WACO, TX — This week is National News Literacy Week. It's our chance to shine a light and show you what news is supposed to be; Transparent and honest. At 25 News, we want you to know where your news comes from, how we write the words you see and hear, and what the process is to make sure news is factual.
As a journalist, we're tasked with asking tough questions. On 25 news at five and six, we show you the story. As a viewer, you should also question us.
- How we got our answers?
- What was our process?
25 NEWS REPORTER AUSTIN WALKER'S "DAY IN THE LIFE:"
The day starts like any other job, getting ready and not looking like a slob. Next, I get on to the morning meeting with the news team. Due to COVID-19, our meeting is virtual. This is where our reporters will pitch their stories for the day and managers will decide what we work on. Once we have our assignments — we're off.
My story for the day was about Texas jobs. A report by the Texas Workforce Commission said the Abbott administration created over 50,000 more jobs in December. This raised questions, "Why are we seeing so many help wanted signs?"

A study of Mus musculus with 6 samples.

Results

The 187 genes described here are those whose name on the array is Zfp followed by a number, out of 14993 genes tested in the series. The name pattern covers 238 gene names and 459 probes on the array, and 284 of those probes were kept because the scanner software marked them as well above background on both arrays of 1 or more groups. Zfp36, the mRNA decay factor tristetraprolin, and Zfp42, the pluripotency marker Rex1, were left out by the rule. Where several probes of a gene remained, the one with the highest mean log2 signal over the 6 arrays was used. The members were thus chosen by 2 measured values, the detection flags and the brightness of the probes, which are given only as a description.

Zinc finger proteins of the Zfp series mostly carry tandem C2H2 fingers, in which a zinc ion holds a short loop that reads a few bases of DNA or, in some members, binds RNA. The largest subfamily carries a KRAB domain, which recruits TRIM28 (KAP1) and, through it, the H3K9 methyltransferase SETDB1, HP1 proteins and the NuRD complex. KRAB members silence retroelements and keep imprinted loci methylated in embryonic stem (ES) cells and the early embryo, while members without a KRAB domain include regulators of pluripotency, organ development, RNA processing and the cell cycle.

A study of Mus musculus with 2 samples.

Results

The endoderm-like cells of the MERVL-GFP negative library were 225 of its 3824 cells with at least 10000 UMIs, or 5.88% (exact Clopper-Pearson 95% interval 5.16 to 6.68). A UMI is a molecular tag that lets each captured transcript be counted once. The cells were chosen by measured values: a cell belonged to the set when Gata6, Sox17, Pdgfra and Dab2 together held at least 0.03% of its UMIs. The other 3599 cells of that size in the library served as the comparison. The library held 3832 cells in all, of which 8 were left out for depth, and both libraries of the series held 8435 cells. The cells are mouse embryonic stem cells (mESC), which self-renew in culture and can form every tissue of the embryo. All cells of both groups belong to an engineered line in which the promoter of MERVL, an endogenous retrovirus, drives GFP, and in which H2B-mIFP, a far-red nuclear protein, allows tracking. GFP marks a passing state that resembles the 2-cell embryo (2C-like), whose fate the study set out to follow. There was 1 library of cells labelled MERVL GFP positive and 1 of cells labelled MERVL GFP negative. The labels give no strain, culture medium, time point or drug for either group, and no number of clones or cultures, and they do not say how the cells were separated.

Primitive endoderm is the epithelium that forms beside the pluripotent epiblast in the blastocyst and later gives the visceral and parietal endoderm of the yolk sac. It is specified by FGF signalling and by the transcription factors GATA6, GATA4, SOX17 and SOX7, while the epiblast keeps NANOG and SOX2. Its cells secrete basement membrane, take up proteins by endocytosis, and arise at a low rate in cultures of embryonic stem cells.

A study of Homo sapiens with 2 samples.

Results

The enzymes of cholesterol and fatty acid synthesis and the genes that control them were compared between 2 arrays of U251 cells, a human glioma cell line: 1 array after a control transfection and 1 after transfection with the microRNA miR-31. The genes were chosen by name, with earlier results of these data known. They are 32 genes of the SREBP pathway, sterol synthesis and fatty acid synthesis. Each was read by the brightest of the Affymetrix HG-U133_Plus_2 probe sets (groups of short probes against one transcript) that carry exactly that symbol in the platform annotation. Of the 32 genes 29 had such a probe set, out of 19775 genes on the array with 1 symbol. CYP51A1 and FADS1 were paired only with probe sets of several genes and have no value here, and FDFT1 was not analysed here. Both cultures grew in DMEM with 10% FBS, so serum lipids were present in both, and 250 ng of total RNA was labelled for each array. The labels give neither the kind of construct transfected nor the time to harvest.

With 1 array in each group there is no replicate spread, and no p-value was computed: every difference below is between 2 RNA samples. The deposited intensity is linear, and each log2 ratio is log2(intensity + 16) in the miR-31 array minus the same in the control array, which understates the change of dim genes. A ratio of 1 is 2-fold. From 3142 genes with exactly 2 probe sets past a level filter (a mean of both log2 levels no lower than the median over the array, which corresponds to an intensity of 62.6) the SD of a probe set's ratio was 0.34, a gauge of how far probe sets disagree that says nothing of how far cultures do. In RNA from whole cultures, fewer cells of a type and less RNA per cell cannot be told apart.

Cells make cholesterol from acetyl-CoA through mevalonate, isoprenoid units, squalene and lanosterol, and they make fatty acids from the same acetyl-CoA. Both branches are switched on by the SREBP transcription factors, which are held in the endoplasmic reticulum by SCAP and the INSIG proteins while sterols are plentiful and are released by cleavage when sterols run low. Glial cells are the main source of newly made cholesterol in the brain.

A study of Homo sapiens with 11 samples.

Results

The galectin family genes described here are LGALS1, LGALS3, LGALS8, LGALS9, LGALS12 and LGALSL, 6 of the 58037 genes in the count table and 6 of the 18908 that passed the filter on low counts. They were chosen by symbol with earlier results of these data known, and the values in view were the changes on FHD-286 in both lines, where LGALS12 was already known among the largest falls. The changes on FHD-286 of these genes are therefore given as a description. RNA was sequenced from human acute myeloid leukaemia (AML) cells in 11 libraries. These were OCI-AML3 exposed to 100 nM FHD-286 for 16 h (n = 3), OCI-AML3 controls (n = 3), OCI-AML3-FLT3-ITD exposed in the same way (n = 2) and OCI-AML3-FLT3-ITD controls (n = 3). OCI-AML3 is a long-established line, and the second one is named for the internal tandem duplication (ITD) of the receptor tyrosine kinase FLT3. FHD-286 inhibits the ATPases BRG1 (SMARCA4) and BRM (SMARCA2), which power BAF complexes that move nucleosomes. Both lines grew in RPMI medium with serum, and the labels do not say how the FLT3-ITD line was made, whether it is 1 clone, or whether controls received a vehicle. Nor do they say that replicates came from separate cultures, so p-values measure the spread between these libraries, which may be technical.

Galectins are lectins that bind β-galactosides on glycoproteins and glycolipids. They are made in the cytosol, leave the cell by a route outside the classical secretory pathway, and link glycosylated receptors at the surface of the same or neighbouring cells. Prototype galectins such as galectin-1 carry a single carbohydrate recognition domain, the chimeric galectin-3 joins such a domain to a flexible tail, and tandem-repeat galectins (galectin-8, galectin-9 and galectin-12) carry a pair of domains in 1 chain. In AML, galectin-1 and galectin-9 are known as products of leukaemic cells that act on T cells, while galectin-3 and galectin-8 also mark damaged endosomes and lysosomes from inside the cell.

I made a plan of who I wanted to talk to. Talk to the TWC that put out the report. Talk to a business that is struggling to hire even though there are more jobs. Finally talk to an expert in economics, answering the question, "Where is the disconnect?"
At 25 News -- our reporters are multimedia journalists, or MMJs. Think of it as a one-man band. We write, shoot, edit, stress out, tear up and present everything by ourselves.
I reached out to the Texas Workforce commission and left a message hoping to land an interview. I made some calls and found a restaurant that is struggling to hire. I also spoke with James West, a professor of economics at Baylor.
I didn't hear back from the commission. In journalism, you want to have at least two interviews to tell a well-rounded story. Once I get all my elements, I went to work. I wrote my script and sent it off to our management team who goes line by line through it. They fact-check, rewrite, and clear up the information. They make sure nothing can be misconstrued. Once it gets the green light, it's off to record my voice.
Then I take a coffee break because I'd be dead inside without it and have a little dance break. Then I work to compose my story. Once it's done I have to look all professional. Then it's showtime.
It's also important to remember, this job does have a lot of ups and downs, but we are a family at 25 News. So, the stressful days are all worth it.
WHY I BECAME A JOURNALIST:
- I knew I wanted to help people. I could never be a doctor, a nurse, or a scientist because of my below-average math skills. But I learned, journalism has the potential to change lives. You inform and educate. You could change policy that could save people, something that could impact their money, health, safety, or education. In the era of "Fake news," it's hard to decipher what is true and what is not. Just because it makes you mad does not mean it's not true. Local media is made of people just like you — telling you stories that also impact them.